So the Dolphins’ season comes down to two words followed by a bold-faced question mark:
You understand why he’s here. Coach Adam Gase . And Cutler left retirement — at least left . He also cost no draft picks and a modest $10 million (only two veteran starting quarterbacks will make less).
So it’s a Kardashian marriage between the Dolphins and Cutler — five or six months. That’s important to know, too. Because no matter what you hear, no matter where this goes, Cutler is a one-and-done Dolphin starter. The future belongs to the injured Ryan Tannehill. End of discussion.
Of course, if Cutler changes the public discussion, everyone will be ecstatic. It will mean he’s succeeded. And, actually, the Dolphins brass is ecstatic Cutler is here. They sound like the 2008 Dolphins did when Chad Pennington fell from the sky to lead a 1-15 team to a playoff season.
How do they get that one good year from Cutler?
First, he has to want to this badly. This isn’t easy, stepping into a team, and some of Cutler’s opening thoughts make you wonder. He said he was “content” in retired life. He “weighed back and forth on this” decision. His wife, Kristin, “probably talked me into it more than anybody else could,” he said.
Maybe it’s nothing. Maybe it’s just an honest answer in a whirlwind time. But passion has to be the driving force for his return. A Chicago-sized chip on the shoulder would be nice as well, considering .
That didn’t sound like a guy dying for this chance to prove he’s not That Guy anymore. He doesn’t have to be The Guy like he was asked to be in Chicago and Denver (more on that later). But he can’t be That Guy, the one with a reputation for pouting, surliness and teammates who don’t respect.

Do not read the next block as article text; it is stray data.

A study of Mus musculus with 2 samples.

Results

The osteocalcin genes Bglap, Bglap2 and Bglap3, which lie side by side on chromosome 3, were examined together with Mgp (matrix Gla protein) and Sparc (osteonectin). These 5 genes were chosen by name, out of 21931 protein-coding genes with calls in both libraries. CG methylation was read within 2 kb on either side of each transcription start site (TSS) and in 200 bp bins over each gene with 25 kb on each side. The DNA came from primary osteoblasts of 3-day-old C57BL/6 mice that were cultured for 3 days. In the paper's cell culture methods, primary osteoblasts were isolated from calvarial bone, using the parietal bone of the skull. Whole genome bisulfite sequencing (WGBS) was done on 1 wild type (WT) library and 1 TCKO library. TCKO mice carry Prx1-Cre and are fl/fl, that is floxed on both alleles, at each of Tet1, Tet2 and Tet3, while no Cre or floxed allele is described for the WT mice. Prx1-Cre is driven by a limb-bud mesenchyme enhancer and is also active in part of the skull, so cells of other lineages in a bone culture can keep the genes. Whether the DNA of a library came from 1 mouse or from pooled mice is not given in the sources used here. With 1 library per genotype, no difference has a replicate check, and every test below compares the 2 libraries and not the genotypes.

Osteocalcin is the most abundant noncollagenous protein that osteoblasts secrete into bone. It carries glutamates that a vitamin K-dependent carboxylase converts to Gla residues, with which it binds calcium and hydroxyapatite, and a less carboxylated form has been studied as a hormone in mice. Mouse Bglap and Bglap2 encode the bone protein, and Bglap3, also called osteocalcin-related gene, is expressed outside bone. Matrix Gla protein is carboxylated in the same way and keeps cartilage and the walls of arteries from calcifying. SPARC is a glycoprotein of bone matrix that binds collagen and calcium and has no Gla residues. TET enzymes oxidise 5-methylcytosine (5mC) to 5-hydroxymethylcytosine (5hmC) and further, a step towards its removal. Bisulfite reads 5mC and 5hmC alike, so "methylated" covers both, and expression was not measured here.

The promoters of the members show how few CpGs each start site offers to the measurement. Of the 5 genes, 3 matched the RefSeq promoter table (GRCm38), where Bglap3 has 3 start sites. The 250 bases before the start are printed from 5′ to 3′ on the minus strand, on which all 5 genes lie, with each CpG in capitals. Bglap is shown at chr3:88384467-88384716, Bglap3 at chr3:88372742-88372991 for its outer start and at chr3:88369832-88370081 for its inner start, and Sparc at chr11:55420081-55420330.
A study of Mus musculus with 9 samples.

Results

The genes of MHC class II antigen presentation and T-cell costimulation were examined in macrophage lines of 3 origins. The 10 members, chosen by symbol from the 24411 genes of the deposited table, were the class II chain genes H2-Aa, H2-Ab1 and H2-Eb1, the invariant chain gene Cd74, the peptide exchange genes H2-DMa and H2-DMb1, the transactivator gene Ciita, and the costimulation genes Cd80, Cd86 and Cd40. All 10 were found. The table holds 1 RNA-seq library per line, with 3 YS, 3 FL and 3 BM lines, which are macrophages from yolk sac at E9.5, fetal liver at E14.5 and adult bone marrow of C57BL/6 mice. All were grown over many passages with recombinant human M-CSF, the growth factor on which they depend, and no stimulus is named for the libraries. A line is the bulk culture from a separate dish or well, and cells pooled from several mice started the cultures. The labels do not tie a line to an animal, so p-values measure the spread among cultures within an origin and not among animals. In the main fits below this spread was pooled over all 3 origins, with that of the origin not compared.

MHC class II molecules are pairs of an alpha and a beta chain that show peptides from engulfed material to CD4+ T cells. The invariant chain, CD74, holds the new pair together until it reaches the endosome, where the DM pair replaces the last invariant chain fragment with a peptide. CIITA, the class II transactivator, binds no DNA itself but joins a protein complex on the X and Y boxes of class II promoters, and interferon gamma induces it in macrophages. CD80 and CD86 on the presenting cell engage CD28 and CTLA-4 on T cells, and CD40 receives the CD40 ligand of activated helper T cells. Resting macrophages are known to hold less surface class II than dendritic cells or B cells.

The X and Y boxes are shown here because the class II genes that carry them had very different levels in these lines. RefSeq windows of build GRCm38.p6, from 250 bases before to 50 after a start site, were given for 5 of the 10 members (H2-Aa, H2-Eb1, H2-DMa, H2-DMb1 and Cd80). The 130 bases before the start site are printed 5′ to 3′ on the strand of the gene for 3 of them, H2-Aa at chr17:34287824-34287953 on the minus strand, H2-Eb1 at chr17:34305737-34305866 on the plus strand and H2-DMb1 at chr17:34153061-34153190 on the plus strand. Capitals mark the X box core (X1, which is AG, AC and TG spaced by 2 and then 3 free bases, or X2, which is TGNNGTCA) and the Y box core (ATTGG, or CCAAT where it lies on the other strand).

The Cutler that Gase worked with for a season in Chicago sounds different than that developed reputation. The question isn’t why. It’s how Cutler let’s everyone else see the guy Gase saw — his new Dolphins teammates, primarily. He doesn’t have to win the locker room. He needs its respect, though.
No one cares about his decade-long image if he acts like a pro here — and plays like one, too. This, of course, is why he was signed. Cutler had the most efficient year of his career with Gase as his offensive coordinator in 2015. Career-high QB rating (92.3). Best touchdown-to-interception ration (21 to 11). All this despite none of his top four receivers playing more than nine games.
How? Well, better coaching, for starters. But then you know that about Gase.
“I think he does a really good job of putting quarterbacks in good positions,” Cutler said.
In this case, it meant using drills to decrease the panic in the pocket. They were the same as Gase put Tannehill through last year. Two rushers criss-cross in front of you. Blocking dummies are set up to move around in a pocket. Your jersey is grabbed as you set up. Work on footwork. Keep your eyes downfield.
That cut down the staggering sacks Cutler took. Cutting down the interceptions meant understanding why they came. A high percentage were on third-and-long plays where Cutler forced throws. In 2015, Cutler was smarter and didn’t throw multiple interceptions for 14 games — the longest stretch of his career.
Finally, Cutler has to understand this is a talented offense. He needs to accompany, not carry, an offense for perhaps the first time in his career. Running back Jay Ajayi was still in concussion protocol but jogging at practice Monday. He’ll take pressure off Cutler.
The receiving corps is talented, if not fully developed considering DeVante Parker is the top talent. “Young but veteran,” Cutler said. So he understands.
Cutler can change his reputation with a good season. Or he can cement it with a bad one. We’ll see where it goes. You understand why decision-makers are ecstatic inside the building. You also understand why there’s a question mark attached to Cutler’s name.